Last week, I shared a few quick bites from around the Metro Vancouver area, including some Japanese baked goods and Shanghainese xiaolongbao dumplings. This week, we go for another trip around town to find some good places to eat with quite the variety of cuisine to boot.
PappaRoti – Robson Street
This might be one of the more confusing places that I’ve visited in some time. With “roti” in its name, PappaRoti sounds like a place that would feature East Indian cuisine. It sounds like I’ll be ordering tikka masala or butter chicken so that I can dip unleavened roti bread in there. And I’d be completely wrong, because PappaRoti actually originated in Malaysia and the roti isn’t a flat bread at all.
Instead, it’s a bun that looks a lot like the “Mexico” bun that you’d find at a Hong Kong style bakery. The difference is this costs about $3.15 each, not including any additional toppings like the Nutella and banana shown here. The bun is not too sweet and the crust isn’t as crumbly as I expected. I thought it was fine, but ultimately overhyped.
Hakkaku Ramen – North Burnaby
In my own neighborhood, one of the better options is Hakkaku Ramen on Hastings. During the summer, like a lot of other ramen shops around town, Hakkaku offers a cold ramen. You get a shoyu-like broth on the bottom, the cold noodles, half an onsen egg, and a variety of other toppings. The chashu is replaced by some rather generic ham, so you’ll probably want to add some BBQ pork for a fuller ramen experience.
Personally, I’m still partial to my old standby: shio ramen with regular broth and belly chashu. At Hakkaku, you can choose between the leaner shoulder meat or the fattier belly, both of which come with a visible char on one side. I still prefer the shio ramen at Kintaro or the tsukemen at Santouka, but Hakkaku is good enough to satisfy at less than $10 a bowl.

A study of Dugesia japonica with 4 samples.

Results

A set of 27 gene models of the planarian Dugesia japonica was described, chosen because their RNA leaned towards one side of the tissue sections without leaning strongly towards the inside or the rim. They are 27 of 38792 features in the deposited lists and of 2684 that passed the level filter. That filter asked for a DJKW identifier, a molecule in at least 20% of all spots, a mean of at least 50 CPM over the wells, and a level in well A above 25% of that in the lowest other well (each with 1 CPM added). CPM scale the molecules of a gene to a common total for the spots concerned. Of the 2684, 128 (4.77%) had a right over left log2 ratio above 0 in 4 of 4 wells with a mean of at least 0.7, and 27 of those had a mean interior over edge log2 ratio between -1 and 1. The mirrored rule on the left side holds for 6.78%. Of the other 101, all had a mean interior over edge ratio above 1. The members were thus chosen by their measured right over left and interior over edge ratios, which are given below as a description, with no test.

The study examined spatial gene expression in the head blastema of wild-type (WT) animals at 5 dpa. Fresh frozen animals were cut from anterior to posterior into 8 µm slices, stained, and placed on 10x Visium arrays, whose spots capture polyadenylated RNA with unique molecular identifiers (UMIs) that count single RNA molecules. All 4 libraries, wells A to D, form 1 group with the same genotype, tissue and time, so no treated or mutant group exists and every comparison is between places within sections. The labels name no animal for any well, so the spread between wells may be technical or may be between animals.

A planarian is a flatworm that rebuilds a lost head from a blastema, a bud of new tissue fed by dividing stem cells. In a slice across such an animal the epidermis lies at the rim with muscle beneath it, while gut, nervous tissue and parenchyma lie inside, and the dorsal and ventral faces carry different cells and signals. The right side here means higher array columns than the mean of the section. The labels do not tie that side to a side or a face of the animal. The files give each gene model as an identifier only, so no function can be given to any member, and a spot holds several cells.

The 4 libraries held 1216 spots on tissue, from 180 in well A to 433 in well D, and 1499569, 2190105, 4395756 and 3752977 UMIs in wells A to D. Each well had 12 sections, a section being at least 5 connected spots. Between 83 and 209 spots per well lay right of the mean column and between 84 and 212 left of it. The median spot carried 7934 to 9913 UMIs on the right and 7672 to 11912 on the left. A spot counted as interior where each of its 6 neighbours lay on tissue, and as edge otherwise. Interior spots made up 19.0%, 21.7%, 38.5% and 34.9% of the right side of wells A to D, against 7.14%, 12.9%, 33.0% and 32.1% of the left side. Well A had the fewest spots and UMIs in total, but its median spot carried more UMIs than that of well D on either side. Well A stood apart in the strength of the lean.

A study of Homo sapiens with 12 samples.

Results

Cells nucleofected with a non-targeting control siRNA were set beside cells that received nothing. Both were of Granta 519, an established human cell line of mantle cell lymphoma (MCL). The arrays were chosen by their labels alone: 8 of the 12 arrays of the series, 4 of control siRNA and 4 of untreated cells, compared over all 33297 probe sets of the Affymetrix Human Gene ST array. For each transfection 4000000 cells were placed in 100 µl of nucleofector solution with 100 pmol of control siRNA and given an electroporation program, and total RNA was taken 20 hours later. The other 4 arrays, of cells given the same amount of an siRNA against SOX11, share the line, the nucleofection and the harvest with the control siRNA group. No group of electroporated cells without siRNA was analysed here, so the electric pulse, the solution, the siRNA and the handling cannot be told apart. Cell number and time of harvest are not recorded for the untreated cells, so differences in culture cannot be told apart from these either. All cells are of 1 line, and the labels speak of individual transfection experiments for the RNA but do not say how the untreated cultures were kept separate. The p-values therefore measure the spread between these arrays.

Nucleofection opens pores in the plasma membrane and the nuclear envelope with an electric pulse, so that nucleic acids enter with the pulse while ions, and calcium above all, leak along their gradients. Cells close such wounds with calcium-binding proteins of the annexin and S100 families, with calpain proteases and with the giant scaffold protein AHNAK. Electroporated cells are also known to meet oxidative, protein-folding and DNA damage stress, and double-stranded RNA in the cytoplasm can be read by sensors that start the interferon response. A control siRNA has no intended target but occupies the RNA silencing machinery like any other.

Ask for Luigi – Strathcona
While I wouldn’t necessarily say that Ask for Luigi is all that expensive, it is decidedly pricier than the other quick bites I’ve featured in this post and last week’s post. For our appetizer, we shared the sardines on toast. The portion was really modestly sized, but it offered some really flavorful quick bites to start our meal.
I ordered the spaghetti nero with octopus. The pasta had a great al dente toothiness to it and while the plate looks oily, this helped to dress the noodles and generous helping of chopped octopus in quite a beautiful way. The portion was just right for me, similar to what I got in Rome. Anton’s this most certainly is not.
Susanne opted for the pappardelle and duck ragu. The modestly-sized portion is just right for a lighter summer meal and it really lets you appreciate the care and attention that goes into the pasta. There’s just the right amount of sauce and it’s a dish that is delectable in its seemingly simple presentation.
Dinner for the two of us, including a tiny glass of house red wine, came to about $62. It should be noted that fresh pasta is only served during dinner (they use dried pasta for lunch) and the dining room fills up very quickly.